January 30, 2008


For the past 27 years the Toshiki and Maryszka line has mostly focused on creating leather, shearling, and wool coats. However, every once in awhile, we experiment in the studio with different stitching, or different skins, and do small collections of bags. 
Below are some small cases, mostly about 7" in diameter, with different examples of quilting the leather on a stiffer padding than we normally use in a coat or jacket.

This group are cylinders created in a beautiful calfskin done using techniques as in making shoes. They actually have a "sole" which they sit on. The tops are supple lambskins with a cinch closure.

January 9, 2008


As we have just finished up quite a few Fine Craft shows, and are looking forward to the upcoming ones, for us beginning in March, I have noticed a disappointing trend in the wearables being shown, which is the field we are in, but I have a feeling it crosses all media.

Not only is there a lack of innovativeness and craftsmanship in some of the work, there is derivative work, out and out knock offs (this isn't supposed to be 7th avenue!) being accepted into the shows. By and large, this is not the case, but when exhibits like this enter the field it drags all off us down, and I think it is a disservice to to public who believe they are coming to see the best in the field of craft.

As all the shows we exhibit in are supposed to be top of the line, cream of the craft, the best hand made work in the country, how is it that the juries and show promoters are letting this work slip by, not demanding, or attracting the best to their shows. Are the jurors knowledgeable in the field? Are the promoters knowledgeable of the jurors they pick?

We try to be quietly proud of our work, keep our integrity,  and hope it speaks for itself, in design as well as execution of our shearling coats.  But when I see artists trying to pass off as their creations, work without any technique involved whatsoever, or their hands even touching the piece except to write the sales slip, getting awards, and into shows that we cannot, it is time to be verbal.  (One artist even boasts on her website that she uses three different factories to make her work and shows photos of the contractors! Where is the handmade in that!)  ( Another that has gotten in to all the top shows recently does nothing more than cut holes in fabric, and her trendy display apparently has blinded everyone to the fact that there is no manipulation to the material at all, and the "idea" of what she is doing is not hers, it was published in a book years ago.)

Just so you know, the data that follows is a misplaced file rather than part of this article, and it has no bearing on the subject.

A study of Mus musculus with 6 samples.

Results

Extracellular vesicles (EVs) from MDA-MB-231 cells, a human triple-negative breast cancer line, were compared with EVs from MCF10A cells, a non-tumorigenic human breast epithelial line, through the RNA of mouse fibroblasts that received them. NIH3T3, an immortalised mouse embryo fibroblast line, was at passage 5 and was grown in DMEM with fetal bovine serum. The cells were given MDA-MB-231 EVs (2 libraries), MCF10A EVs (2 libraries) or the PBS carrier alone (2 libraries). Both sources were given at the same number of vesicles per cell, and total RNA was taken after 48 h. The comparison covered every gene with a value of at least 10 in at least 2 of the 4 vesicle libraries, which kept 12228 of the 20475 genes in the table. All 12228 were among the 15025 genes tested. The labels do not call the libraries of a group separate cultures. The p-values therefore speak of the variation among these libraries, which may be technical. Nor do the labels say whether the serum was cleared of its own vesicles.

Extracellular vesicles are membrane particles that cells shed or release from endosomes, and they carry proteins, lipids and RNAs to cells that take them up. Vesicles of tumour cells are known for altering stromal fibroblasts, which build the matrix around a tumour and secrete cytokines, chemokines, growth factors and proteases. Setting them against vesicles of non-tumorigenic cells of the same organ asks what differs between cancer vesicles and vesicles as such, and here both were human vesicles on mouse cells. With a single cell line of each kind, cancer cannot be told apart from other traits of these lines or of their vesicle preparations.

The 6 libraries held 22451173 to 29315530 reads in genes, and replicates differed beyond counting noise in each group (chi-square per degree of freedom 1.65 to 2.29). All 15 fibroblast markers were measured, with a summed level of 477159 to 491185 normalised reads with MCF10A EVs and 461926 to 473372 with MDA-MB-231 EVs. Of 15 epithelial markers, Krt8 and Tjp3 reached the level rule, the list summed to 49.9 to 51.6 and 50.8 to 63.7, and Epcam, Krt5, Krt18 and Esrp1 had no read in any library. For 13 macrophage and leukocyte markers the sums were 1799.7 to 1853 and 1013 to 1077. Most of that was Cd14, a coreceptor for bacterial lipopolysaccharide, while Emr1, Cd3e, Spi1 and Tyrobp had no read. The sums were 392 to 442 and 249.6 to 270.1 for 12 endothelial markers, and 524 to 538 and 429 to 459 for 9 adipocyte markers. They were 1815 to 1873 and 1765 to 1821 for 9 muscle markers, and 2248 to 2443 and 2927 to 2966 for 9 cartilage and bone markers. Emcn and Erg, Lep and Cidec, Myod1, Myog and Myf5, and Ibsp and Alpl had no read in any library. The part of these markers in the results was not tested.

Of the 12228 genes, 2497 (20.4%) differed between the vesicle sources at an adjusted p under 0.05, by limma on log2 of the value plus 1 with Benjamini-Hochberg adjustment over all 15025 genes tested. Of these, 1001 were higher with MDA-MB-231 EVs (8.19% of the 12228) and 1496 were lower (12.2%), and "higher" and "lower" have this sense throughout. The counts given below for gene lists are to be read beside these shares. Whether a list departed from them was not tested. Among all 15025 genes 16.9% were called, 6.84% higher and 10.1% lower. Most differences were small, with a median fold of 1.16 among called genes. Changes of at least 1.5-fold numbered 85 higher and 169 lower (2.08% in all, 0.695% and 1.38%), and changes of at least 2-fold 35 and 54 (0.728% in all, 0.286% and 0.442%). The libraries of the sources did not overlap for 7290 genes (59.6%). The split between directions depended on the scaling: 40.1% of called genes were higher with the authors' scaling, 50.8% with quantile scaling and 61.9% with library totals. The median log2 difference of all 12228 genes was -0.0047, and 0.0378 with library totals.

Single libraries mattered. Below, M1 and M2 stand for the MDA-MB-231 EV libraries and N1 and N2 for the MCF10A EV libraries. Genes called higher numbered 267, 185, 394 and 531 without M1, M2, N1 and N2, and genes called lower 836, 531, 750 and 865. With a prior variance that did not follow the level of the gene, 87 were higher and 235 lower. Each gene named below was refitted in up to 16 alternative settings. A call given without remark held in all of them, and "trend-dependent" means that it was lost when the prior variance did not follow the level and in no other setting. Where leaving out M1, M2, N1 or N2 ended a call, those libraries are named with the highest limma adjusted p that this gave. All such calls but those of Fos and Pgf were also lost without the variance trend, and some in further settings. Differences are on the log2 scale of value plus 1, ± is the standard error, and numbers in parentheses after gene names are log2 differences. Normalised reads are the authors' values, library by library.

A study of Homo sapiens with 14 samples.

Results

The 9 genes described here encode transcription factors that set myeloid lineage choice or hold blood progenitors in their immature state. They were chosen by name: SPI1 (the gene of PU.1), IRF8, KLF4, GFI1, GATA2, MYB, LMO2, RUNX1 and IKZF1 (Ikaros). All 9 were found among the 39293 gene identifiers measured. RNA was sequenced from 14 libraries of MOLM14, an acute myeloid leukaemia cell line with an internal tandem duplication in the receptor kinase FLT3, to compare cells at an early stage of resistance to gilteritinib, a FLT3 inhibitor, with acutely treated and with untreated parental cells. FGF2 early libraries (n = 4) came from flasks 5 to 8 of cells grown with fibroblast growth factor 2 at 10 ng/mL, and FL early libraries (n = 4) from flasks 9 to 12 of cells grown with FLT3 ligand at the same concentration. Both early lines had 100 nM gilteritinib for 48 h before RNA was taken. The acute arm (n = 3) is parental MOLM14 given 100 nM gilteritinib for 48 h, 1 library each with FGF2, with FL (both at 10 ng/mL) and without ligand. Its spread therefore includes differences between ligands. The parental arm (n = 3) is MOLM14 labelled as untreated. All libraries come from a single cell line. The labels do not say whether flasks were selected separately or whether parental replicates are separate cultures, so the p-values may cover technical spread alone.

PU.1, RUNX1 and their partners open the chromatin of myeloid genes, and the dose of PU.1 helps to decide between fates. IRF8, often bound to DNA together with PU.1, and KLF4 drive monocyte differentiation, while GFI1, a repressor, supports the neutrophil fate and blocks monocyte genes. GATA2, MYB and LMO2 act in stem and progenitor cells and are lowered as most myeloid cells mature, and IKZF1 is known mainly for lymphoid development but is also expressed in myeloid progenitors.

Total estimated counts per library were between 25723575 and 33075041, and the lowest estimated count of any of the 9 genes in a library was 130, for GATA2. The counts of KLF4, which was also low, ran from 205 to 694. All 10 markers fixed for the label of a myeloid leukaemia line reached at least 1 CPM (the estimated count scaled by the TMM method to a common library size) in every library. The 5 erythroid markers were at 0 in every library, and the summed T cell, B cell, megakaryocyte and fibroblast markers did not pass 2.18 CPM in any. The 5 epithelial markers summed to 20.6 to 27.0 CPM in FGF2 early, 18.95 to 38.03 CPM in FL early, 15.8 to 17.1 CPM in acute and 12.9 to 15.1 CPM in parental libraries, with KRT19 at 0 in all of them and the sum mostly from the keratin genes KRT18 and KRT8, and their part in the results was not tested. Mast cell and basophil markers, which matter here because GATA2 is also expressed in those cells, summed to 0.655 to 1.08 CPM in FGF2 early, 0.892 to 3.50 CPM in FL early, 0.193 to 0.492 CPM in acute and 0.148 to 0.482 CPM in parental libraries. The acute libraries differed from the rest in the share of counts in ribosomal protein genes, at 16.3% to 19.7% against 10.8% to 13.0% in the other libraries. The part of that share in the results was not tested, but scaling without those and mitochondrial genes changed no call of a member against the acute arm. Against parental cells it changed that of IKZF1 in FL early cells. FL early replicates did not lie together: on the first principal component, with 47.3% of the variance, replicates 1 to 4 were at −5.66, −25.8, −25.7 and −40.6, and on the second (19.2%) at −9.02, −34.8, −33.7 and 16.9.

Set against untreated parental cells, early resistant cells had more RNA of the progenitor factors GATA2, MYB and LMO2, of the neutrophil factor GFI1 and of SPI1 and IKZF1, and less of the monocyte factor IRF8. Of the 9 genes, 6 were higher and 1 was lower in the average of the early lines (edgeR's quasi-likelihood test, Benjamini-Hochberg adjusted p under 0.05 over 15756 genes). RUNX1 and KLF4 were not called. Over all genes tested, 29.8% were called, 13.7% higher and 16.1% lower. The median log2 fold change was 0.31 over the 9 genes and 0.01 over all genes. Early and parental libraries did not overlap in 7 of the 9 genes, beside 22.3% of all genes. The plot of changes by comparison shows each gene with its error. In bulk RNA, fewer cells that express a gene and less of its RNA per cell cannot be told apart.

In Japan true craftsmen are considered National Treasures and revered by society. Seeing this trend in this country has truly made us disappointed in our careers as craftsmen/tailors/makers. 

And the icing on the cake is that the awe/fear of the Etsy movement by the fine craft show promoters, some of whom are taking them into their shows, is diluting the meaning of "craft" further. 

When are the shows going to decide what they are going to be? What do they consider their responsibility to their exhibitors?
Are they taking it as seriously as we, the makers are? 
How can we make a living if spots are being taken by these imposters?

January 6, 2008


While most of the tourists have gone home, New Yorkers were out in droves this weekend, as so many important shows are ending in early January. I made my way to MOMA on friday night, and was
thoroughly saturated and exhausted after seeing three great shows. Each touched a different nerve.
The American artist Martin Puryear-you can still catch this show until the 14th.

Perhaps my pick if I had to, was Lucien Freud, grandson of Sigmund, the psychoanalyst. Currently living and working in London, the show is of his etchings and shows many of the plates. Thru March 10th.

But Georges Seraut, the drawings, you go because you have to, and leave with a new respect for the artist.
If you are reading this after January 7th, you've missed it, what a shame.

But wandering thru the museum, one always finds an unexpected treat. For me it was this installation by Italian artist Mario Merz, titled "Places with No Street" from 1987. I guess it is my fascination with being enclosed by aluminum that struck a note with me.
Oddly, behind the Merz piece, I could see a reflection of the museum's airstream, the type of aluminum we
are usually encased in, when we need time out from work and life.

Saturday I dutifully headed toward the Metropolitan Museum of Art, to catch The Age of Rembrandt , and those incredible tapestries before they left town. Sometimes doing things you think you must turn out to be very rewarding.